The first in a series of blogs on using social media in research by Professor Anna C. Whittaker
I use social media in a work setting for three main reasons:
1. Dissemination of our research findings more widely
2. Building a network of useful contacts within and beyond academia
3. Engaging in discussion on issues relevant to my research and teaching
The platforms I use most commonly are LinkedIn, which I only update occasionally and mainly collect contacts I may need in the future, and Twitter. With twitter I only tweet work-related comments, but it copies automatically to my Facebook network using IFTTT (if this then that), and with the right hashtag also copies into my third year undergraduate Health Psychology module if I think it will be relevant to my teaching too.
Dissemination is a particularly important part of academic work, and public engagement can reach a broader audience via social media. Particularly for my large Horizon 2020 European Commission network, dissemination beyond the UK is crucial, so we have our own twitter feed that I post to which also feeds onto the PANINI project website, as well as a PANINI project Instagram and YouTube channel, which are mainly for the research fellows to populate.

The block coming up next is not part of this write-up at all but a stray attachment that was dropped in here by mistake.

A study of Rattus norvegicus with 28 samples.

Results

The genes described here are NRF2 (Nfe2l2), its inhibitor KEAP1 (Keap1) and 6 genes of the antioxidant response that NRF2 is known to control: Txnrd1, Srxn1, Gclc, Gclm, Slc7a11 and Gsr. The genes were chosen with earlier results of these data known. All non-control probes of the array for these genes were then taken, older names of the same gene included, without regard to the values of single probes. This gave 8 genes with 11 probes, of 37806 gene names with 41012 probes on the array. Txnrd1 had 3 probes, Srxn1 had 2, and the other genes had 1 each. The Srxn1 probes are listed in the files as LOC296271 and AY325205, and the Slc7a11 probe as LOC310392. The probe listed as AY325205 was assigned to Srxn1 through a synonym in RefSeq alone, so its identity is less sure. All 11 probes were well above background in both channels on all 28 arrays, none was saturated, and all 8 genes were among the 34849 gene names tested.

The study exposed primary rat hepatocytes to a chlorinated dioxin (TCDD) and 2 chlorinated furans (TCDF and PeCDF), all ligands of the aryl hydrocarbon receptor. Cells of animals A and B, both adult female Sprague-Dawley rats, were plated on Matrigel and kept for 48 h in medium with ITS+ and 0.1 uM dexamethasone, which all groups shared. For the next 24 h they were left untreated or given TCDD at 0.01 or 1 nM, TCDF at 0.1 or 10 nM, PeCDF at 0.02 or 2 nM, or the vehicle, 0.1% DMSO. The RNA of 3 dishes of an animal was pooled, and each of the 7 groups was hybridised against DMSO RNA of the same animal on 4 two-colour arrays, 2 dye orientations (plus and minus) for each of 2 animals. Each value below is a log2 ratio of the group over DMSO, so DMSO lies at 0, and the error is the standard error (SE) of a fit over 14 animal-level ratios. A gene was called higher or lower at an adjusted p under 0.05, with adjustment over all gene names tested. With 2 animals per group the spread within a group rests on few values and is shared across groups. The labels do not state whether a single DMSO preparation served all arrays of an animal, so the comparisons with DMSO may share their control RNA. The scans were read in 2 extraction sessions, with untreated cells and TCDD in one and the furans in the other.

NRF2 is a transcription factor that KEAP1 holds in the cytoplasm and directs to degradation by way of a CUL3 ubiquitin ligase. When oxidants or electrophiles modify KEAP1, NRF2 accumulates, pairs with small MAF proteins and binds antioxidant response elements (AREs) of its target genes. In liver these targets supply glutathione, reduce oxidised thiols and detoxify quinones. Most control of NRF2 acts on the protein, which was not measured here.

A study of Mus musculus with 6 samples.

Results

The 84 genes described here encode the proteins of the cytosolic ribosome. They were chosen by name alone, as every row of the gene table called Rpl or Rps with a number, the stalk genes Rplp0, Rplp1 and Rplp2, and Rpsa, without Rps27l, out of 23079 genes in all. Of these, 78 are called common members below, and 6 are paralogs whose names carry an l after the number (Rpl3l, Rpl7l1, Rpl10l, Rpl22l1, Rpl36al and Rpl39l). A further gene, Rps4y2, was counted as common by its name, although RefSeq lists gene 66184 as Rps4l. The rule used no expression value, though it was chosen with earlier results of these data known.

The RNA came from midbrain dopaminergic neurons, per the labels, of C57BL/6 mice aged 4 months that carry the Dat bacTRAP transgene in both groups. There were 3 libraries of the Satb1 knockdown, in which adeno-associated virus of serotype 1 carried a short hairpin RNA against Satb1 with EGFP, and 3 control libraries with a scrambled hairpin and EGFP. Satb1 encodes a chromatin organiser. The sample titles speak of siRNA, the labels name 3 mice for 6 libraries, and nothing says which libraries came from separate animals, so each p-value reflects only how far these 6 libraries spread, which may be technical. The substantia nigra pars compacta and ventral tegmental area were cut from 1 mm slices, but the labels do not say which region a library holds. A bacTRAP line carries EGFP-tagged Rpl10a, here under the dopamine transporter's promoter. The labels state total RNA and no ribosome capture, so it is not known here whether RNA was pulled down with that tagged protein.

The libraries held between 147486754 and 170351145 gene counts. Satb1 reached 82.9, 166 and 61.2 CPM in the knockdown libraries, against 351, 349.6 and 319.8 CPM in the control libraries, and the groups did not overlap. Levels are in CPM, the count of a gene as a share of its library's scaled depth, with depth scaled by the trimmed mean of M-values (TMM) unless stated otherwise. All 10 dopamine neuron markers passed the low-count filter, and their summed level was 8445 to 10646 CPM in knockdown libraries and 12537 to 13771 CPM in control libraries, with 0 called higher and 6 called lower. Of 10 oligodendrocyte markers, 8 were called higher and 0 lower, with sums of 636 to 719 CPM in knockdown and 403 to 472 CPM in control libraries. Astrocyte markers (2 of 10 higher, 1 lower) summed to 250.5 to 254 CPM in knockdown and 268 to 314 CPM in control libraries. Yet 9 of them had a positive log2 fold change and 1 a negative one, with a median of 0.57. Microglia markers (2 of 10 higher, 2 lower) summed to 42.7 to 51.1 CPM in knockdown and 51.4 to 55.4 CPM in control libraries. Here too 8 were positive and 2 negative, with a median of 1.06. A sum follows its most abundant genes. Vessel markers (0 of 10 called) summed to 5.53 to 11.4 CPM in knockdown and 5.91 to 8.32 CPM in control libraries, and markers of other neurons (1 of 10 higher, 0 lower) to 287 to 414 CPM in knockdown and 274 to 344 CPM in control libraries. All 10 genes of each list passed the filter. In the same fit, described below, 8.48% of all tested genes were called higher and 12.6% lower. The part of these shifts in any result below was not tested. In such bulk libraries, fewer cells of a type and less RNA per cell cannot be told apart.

Successful outcomes from my use of twitter have been:
1. Making links by tweeting meetings/conferences which are then spotted by others using the same meeting hashtag who then look me up online and make contact in the breaks. This is particularly useful if you are in a setting where you need to make new contacts from particular sectors, but don’t know who they are, they don’t know you yet, and you are not giving a specific presentation where you can promote that you want to make links.
2. Public engagement beyond specific events and keeping my growing network up to date with the outputs from our current research.
Writing for the public is so different to academic writing, but this form of public engagement through online blogs and short reports can be very effective at spreading your message, for example, an article I wrote for the Conversation online disseminated a research project beyond what we achieved through conferences and peer-reviewed articles (which we also did), as it shows you the shares on various social media sites.
For all of your publications with a DOI, you can see more about spread beyond citations through the use of metrics such as Altmetrics which gives you a score and breakdown of coverage in the news media, online and social media citations, as well as where in the world it reached and the type of person who tweeted/blogged/wrote about it.